On Holy Humility

‘Christ washing the Feet of the Disciples’ 1575-80 Jacopo Tintoretto

The Golden Sayings of Brother Giles of Assisi, Chapter IV

No one can come to the knowledge of God except through humility. The way of going above is to go below.

All the perils and all the great disasters that have taken place in the world would not have happened save for holding the head high, as is clear in the case of him who was created in heaven, and of Adam, and of the pharisee in the Gospel, and many others. And all the great good that has taken place has been on account of inclining the head, as is clear in the case of the Blessed Virgin, of the publican, of the good thief, and of many others. Blessed Giles also said: “O! that we might have a great pack which would always make us bend our head!”

A certain Brother said to him: “How can we flee from this pride?” And he said: “For this wash thy hands and there put thy mouth where thou keepest thy feet. If thou wert to consider the benefits of God, thou oughtest to bow thy head; and if thou wert to consider thy sins, thou oughtest to bow thy head in like manner. Woe to him who wisheth to be honored on account of his badness.”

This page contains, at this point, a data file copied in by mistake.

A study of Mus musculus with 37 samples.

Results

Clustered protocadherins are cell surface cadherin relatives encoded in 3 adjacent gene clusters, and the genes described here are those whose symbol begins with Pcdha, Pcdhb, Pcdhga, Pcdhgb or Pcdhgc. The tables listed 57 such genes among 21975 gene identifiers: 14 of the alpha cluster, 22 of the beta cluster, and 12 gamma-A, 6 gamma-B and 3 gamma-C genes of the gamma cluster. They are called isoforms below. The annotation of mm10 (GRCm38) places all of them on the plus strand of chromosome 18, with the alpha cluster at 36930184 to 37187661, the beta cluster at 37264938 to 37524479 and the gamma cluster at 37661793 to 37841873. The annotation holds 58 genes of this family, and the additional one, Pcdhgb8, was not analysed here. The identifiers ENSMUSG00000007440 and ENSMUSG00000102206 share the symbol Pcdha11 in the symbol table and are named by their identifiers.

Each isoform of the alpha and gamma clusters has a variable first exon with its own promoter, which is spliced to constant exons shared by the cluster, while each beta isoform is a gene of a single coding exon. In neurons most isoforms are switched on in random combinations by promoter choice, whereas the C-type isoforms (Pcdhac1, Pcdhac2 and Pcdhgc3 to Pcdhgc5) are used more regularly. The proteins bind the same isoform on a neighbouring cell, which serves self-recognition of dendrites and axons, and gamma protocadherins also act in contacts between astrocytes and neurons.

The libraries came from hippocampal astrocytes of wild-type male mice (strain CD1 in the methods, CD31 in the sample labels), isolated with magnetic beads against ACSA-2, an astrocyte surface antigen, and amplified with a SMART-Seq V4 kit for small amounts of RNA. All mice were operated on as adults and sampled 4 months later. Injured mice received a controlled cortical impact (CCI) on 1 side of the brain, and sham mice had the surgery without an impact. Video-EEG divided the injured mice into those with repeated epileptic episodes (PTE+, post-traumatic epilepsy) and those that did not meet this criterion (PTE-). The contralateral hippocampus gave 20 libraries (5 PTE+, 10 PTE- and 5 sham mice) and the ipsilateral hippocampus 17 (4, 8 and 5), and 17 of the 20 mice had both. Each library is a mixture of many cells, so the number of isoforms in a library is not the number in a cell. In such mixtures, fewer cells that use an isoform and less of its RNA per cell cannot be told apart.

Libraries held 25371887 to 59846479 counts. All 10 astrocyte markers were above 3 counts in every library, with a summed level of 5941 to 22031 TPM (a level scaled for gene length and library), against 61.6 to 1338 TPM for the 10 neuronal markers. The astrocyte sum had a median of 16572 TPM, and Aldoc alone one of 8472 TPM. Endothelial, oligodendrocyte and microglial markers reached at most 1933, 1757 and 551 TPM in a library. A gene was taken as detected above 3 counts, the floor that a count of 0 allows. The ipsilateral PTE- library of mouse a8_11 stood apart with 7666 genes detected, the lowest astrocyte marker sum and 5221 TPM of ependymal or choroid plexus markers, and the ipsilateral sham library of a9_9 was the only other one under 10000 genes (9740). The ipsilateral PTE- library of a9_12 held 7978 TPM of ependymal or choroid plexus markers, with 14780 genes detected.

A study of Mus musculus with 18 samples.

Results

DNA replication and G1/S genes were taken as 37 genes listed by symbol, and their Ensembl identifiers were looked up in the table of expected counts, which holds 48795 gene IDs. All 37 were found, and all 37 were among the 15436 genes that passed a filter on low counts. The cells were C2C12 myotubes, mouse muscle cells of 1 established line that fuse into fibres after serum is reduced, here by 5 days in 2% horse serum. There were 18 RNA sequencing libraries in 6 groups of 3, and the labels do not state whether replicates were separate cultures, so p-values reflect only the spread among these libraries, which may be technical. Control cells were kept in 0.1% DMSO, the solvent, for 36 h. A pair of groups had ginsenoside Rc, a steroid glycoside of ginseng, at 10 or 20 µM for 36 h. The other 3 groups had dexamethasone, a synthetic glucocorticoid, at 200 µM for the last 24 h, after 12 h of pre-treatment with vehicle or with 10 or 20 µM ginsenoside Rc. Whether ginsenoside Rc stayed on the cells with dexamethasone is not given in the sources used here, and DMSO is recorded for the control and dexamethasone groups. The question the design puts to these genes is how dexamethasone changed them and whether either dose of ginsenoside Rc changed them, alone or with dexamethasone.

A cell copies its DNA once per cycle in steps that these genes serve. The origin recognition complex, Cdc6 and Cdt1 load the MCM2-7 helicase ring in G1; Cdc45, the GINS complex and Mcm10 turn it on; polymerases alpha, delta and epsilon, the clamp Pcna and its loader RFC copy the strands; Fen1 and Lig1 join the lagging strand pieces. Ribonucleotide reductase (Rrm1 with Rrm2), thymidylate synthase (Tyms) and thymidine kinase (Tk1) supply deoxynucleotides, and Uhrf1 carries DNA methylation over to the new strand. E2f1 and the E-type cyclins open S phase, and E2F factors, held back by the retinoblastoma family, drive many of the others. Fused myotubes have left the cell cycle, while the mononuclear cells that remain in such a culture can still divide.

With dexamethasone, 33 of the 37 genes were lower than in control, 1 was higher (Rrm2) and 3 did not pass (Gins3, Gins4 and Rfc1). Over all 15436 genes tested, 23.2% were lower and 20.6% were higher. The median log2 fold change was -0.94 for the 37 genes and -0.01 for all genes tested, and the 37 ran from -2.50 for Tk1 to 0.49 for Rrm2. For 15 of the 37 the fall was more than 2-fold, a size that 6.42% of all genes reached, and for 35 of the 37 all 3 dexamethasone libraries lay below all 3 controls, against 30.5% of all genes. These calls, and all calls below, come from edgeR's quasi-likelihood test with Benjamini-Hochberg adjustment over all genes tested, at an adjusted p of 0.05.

A great degree of humility in man is to know that he is always opposed to his own welfare. I consider it also the fruit of humility for one to give up what doth not belong to him and not to appropriate it to oneself that is, to attribute all good things to God to whom they belong and evil things to oneself. Blessed is he who esteemeth himself as vile before man, as he knoweth himself to be vile in the sight of God. Blessed is he who judgeth himself now, for he will not come to another judgment.

Blessed is he who walketh faithfully according to the judgment and obedience of another, for this the Apostles did even after they had been filled with the Holy Ghost. He who wisheth to have peace and quiet should esteem every man his superior. Blessed is he who doth not want to appear in his words and manner save in that way in which Divine Grace hath fashioned him. Blessed is he who knoweth how to keep and hide the revelations of God, for there is nothing hidden which God may not reveal when it pleaseth Him.

If a man were to be holier than any in the world and were to reckon himself more contemptible than any in the world in this would there be humility. Humility knoweth not how to speak, and patience dareth not speak. Humility seemeth to me to be like lightning: for as lightning causeth terrible flashes and nothing can afterward be found of it, thus humility dissipateth every evil and is the foe of every sin and causeth man to esteem himself as nothing. Through humility man findeth grace before God and peace with men. For, as a great king, if he wished to send his daughter to some place, would not put her on an unmanageable, proud, and kicking horse, but upon a gentle and easy-going horse just so the Lord doth not place His grace in the proud but in the humble.